By Patrick Lashmar October 12, 2015

Reading nonfiction texts frequently requires students to take graphic elements into account, because graphic design is an inherent part of much non-fiction writing today. Magazines, newspapers, web pages and even textbooks follow this pattern. Graphic design combines both form and content to create a whole which is more than the sum of its parts. Its primary purpose is to attract the reader’s attention while being easy to read and understand.

One essential element of graphic design is called “layout.” Layout refers to the physical placement of both text and graphics on a page. It is used to arrange information in logical ways, which will assure successful communication with the reader, by leading him/her through the article in an order appropriate to the audience and purpose of the piece. Layout may include text, boxes, columns, lines, colours, shapes and textures. The layout of a graphical text page leads the reader to read the text in the order the author intended and places pictorial elements near the text they illustrate. The ultimate aim of graphic design layout is to present an aesthetically attractive and balanced whole to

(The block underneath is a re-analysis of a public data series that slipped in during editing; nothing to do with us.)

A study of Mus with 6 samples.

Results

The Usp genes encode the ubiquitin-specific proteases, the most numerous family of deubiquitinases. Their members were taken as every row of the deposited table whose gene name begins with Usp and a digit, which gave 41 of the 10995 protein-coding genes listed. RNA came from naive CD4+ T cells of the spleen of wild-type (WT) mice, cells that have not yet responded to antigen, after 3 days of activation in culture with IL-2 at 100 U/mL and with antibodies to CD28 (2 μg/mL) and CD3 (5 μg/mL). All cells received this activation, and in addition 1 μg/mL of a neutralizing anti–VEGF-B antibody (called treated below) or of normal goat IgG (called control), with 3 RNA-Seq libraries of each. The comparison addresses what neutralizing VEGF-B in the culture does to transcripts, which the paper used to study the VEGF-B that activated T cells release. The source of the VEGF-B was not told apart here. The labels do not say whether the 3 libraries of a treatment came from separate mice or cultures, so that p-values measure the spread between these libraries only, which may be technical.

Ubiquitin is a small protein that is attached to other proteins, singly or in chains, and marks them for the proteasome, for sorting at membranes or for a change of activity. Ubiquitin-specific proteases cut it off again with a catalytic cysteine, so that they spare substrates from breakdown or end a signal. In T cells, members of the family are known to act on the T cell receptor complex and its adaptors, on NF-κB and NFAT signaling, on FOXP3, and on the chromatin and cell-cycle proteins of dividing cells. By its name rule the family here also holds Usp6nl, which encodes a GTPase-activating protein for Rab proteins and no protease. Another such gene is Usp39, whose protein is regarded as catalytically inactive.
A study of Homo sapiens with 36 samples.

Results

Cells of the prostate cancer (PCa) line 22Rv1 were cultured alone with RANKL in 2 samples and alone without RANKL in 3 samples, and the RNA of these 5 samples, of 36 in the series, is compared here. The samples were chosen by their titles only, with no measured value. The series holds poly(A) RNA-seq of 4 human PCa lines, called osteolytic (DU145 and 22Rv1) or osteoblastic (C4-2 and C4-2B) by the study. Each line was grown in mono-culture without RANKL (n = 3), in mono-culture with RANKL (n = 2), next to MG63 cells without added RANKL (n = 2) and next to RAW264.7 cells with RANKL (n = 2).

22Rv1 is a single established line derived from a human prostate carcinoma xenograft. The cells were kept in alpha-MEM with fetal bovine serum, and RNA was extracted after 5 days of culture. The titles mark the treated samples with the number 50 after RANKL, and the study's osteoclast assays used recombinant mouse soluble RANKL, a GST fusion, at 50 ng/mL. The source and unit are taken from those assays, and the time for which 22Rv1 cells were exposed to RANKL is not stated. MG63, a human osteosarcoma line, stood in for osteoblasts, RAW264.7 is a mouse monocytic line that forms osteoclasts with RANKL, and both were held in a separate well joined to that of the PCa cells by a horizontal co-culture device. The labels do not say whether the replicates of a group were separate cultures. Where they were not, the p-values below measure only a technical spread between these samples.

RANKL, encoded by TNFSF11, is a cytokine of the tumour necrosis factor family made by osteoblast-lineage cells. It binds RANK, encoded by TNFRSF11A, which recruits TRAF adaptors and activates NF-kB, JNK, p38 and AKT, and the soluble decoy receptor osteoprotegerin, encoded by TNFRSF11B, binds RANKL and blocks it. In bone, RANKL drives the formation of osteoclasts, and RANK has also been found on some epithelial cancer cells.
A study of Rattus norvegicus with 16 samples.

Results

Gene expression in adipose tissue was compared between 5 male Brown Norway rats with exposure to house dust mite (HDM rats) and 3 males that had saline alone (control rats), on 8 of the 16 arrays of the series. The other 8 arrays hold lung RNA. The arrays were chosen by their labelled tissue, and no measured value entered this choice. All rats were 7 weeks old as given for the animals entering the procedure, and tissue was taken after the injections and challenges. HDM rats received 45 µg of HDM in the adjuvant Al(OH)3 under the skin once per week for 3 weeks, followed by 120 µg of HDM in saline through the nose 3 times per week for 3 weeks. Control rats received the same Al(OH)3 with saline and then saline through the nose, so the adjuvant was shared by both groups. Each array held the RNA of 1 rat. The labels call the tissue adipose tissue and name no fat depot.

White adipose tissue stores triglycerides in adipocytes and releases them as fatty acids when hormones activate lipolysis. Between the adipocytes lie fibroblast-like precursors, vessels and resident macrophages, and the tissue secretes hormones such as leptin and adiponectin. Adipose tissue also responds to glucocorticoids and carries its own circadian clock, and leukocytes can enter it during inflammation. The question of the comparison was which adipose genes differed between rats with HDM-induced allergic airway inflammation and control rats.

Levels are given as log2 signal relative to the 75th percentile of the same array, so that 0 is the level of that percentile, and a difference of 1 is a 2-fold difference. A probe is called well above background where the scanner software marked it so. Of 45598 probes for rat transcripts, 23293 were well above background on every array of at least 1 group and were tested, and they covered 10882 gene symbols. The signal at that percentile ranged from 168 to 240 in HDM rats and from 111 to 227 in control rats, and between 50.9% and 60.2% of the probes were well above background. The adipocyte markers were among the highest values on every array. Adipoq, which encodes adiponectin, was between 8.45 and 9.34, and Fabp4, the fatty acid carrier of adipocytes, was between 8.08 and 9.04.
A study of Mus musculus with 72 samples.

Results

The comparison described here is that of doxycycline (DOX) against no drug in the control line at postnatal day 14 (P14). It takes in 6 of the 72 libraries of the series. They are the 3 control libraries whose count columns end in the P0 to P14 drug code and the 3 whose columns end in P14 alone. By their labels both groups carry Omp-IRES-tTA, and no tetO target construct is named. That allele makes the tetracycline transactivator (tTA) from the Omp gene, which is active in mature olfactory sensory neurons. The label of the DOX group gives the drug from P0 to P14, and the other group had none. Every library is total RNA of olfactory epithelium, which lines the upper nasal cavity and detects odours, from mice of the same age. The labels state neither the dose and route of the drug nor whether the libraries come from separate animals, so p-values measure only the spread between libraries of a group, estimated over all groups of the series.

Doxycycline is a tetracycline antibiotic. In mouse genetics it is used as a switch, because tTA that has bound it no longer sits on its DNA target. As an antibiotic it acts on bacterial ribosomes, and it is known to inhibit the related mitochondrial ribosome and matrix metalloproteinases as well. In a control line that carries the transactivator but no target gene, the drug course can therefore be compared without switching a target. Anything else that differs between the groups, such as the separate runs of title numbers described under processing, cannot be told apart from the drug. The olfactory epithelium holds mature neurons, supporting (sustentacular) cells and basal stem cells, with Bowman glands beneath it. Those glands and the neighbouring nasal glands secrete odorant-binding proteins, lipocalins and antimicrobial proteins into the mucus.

please the reader’s eye and mind.

The other essential element of graphic design is called “typography.” This refers to formatting of the text elements in a graphical text document. It may include various fonts and type styles, headings and subheadings. The typography of a graphical text page may be used to lead the reader through the piece, to indicate the relative importance of topics and subtopics, or to show connections between different sections of the text.

Layout and typography combined form pointers, which draw the reader’s attention to specific information, and help him/her navigate the text. Some examples of pointers include the following:

  • Bullets or numbering
  • Bold, underlined, or Italic text
  • Arrows
  • Icons (very small images such as those most frequently seen on computer screens)
  • Boxes and sidebars (supplementary information printed alongside the primary text)
  • Footnotes
  • Lines

To learn more about teaching the elements of graphic design integrated into grade-specific reading lessons, see the links below.